The U.S. Treasury is providing more flexibility to small businesses facing financial distress. New rules will allow those businesses to suspend contributions to safe harbor 401(k)s.
According to Bloomberg: “The rules, effective immediately, allow the companies to stop making payments to their so-called safe-harbor 401(k)s, without having to terminate the programs as previously required. Companies seeking the relief must show significant financial distress, such as the loss of money from low sales or a rise in health-care costs, the Treasury said in a statement today.”
In safe-harbor 401(k) plan used often by small businesses, companies match employee contributions equal to 3 percent of annual compensation. The contributions are paid regardless of whether employees add their own money.
Companies with 250 employees or less have been faced with the option of liquidating their safe harbor 401(k)s as earnings deteriorate, according to Bloomberg. “When retirement plans are closed, employees get a lump-sum check that they can cash or roll into an Individual Retirement Account. In most cases, if they cash the check, they’ll be subject to income taxes and a 10 percent tax penalty.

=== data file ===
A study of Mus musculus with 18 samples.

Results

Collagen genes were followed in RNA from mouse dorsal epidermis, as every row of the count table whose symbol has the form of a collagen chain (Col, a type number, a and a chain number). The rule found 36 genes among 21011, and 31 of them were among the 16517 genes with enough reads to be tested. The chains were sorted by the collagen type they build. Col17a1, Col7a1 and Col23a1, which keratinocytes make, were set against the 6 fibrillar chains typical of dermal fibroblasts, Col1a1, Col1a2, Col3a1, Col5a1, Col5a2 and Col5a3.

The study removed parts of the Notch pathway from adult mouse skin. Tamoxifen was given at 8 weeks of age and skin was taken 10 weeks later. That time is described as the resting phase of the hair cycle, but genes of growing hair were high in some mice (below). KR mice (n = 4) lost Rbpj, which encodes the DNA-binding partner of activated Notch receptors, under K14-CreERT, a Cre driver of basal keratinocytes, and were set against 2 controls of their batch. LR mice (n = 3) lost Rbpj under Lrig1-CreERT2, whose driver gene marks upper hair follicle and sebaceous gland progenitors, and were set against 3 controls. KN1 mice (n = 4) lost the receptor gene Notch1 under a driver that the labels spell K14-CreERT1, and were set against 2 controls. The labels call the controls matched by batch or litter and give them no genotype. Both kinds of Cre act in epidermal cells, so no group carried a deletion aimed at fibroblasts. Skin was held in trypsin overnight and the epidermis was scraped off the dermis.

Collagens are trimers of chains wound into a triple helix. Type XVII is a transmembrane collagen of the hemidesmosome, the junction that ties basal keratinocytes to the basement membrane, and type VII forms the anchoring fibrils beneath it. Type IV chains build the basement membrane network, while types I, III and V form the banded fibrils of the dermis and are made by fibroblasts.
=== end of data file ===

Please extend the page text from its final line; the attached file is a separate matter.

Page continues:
“If plans are terminated, employees don’t have the opportunity to contribute their own money to the 401(k). Workers are then usually limited to $5,000 of tax-deferred savings a year for a traditional IRA rather than $16,500 per year permitted in a 401(k), according to IRS rules.
“About 1.7 percent of companies that offer 401(k) options use this type of safe-harbor plan, according to an annual survey by the Profit-Sharing/401k Council of America of 1,011 plans representing 7.4 million employees and $730 billion in assets.”